Printing Primer for Graphic Designers

Designing is only part of the challenge

What, where, when, why, who and how... all frequent questions from attendees of our workshops, who are looking for the perfect page.

Although it takes many hours and piles books to prepare yourself for competent DTP -> Print, we've capsulized a series of comments which address some of the most frequent questions readers and workshop attendees ask. These are also based on our mentoring program, and makeover clinics as the most common problem areas we see in beginner to intermediate desktop publishers. These steps will help you as you approach each project. Each topic is by no means a complete text -- but serves to alert you of problem areas, and suggest simple entry-level solutions. In every case we recommend take three important steps in your professional development:

1. Rely on your printer(s) expertise. Develop a relationship with the vendors you use and rely on their expertise. They are as interested in making your project a success as you are, and sometimes will go to great lengths to help you make it so.

2. Develop step-by-step procedures. Take the time to boil the entire print process (from start to end) into succinct, basic, step-by-step set of procedures. Document and post them in a place where you and anyone else involved can refer to often. Keep them up to date. It's easy to prepare, but it's useless if you're not going to use your preparations. Posting them on the wall will keep them there as a constant reminder and reference point. Do it today.

3. Proof and follow up. Do not send a job to the printer then forget about it. Follow up and ask questions: "Was everything okay?" ... "will the job go as planned?" ... "Did I forget anything?" Don't wait until the client is screaming for their job to discover that you forgot to send the right font.

This document is divided into the following areas. They are not necessarily in order of importance. If you can contribute important items that we have omitted, please contact me directly for inclusion in this article.

Planning for Design and Production success

* Failing to plan is planning to fail.

Develop a habit of planning your desktop production before you launch into the desktop publishing phase.

Select your vendors well in advance, and gather information you need for the project. Make sure you, your client, the vendor, and all others involved have access to the right information.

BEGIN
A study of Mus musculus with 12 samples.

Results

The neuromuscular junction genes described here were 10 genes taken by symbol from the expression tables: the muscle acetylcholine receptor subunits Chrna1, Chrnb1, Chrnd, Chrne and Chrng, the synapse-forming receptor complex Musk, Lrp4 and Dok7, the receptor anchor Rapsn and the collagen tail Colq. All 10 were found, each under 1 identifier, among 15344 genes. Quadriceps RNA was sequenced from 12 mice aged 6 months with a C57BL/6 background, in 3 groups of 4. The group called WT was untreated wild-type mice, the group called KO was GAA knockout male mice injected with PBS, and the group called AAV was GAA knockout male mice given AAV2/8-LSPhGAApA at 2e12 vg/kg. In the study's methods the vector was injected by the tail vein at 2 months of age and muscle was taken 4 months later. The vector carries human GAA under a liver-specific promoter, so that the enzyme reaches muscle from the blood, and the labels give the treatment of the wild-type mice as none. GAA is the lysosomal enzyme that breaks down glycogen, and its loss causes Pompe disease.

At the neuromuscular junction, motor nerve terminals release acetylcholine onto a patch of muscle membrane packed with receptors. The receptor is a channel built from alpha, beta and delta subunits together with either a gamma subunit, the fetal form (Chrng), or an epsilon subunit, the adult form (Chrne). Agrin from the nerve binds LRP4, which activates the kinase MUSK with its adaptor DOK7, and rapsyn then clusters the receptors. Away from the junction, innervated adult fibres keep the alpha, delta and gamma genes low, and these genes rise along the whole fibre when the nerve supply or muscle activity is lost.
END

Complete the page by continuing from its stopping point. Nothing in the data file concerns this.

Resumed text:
A form should be attached to the job folder, and forwarded to the production vendors which includes:

This should also include contact names, and phone numbers. Subscribers to DTG can request our "Design Tickle Sheet" which will provide you with a complete check list of all the keywords and prompts you'll need to fully and efficiently specify the project.

Use this Checklist to help organize your materials.

Test, Document, Test

This is the most important rule in the preparation of projects for electronic output -- particularly if you are trying anything new, or unfamiliar to you. Prepare a test disk and have your printer image or proof it for you. Then you'll know.

Of course, that's why we developed the "PowerHouse B&W" kit and the "PowerHouse COLOR Eval Kit" -- with these, you can analyze your printer and their output devices so you'll know what you're dealing with.

Put together several pages which are representative of the software, fonts and level of complexity you plan to use in the final project. Work with your printer to evaluate the results and finalize the plan.

Once you have this information, keep it so you'll have it on hand for all future publications, and in the event of training new personnel.

The Right Colors

Plan the color for the project carefully (before going to the computer.)

We recommend blocking the whole project in B&W first, save it, then begin color assignment in a new version of the file. Black and white gives you a less distracting view of the project. It's easier to read and concentrate on typography and vital details not influenced by color (You'll be glad you did.)

If using a "custom" color, or a specific "built" color, walk through the document assigning THAT color to each element. (This way you won't get confused as to which elements have been assigned which colors.) If your software offers style sheets that support color, name your colors and apply the style sheets carefully. (Programs like Quark XPress, PageMaker and Illustrator all offer ways of setting up styles and then effecting global changes.)

Be careful with process matches of Pantone colors. We recommend working with your printer to choose the CMYK mix for colors according to paper and press conditions. We've never seen the standard mix in your software result in the color intended. Use only process color or the inks prescribed by your printer.

Avoid specifying a tint of a PMS color unless that specific color will be run as a separate color printer. Otherwise, build the color from CMYK.


A lot of people moan and groan about trapping. Many other self-proclaimed gurus attempt to show you how to trap and try to empower you to do the trapping yourself.

My policy is: Never attempt trapping in your own files. Regardless of what the software companies say, we've never seen a good software trapping solution. Let the printer do it for you. Make sure you tell the printer up front that the trapping is their responsibility. You'll find a brief outline in the Design Center if you do wish to know a little more about trapping.

Next: Scanning, structure and building the page...


Until next time... keep on Printing

Fred Showker
      Fred Showker, Editor/Publisher

I'd love to hear about your educational experiences, or your favorite training products. Please drop me a line and let's share with all DT&G readers!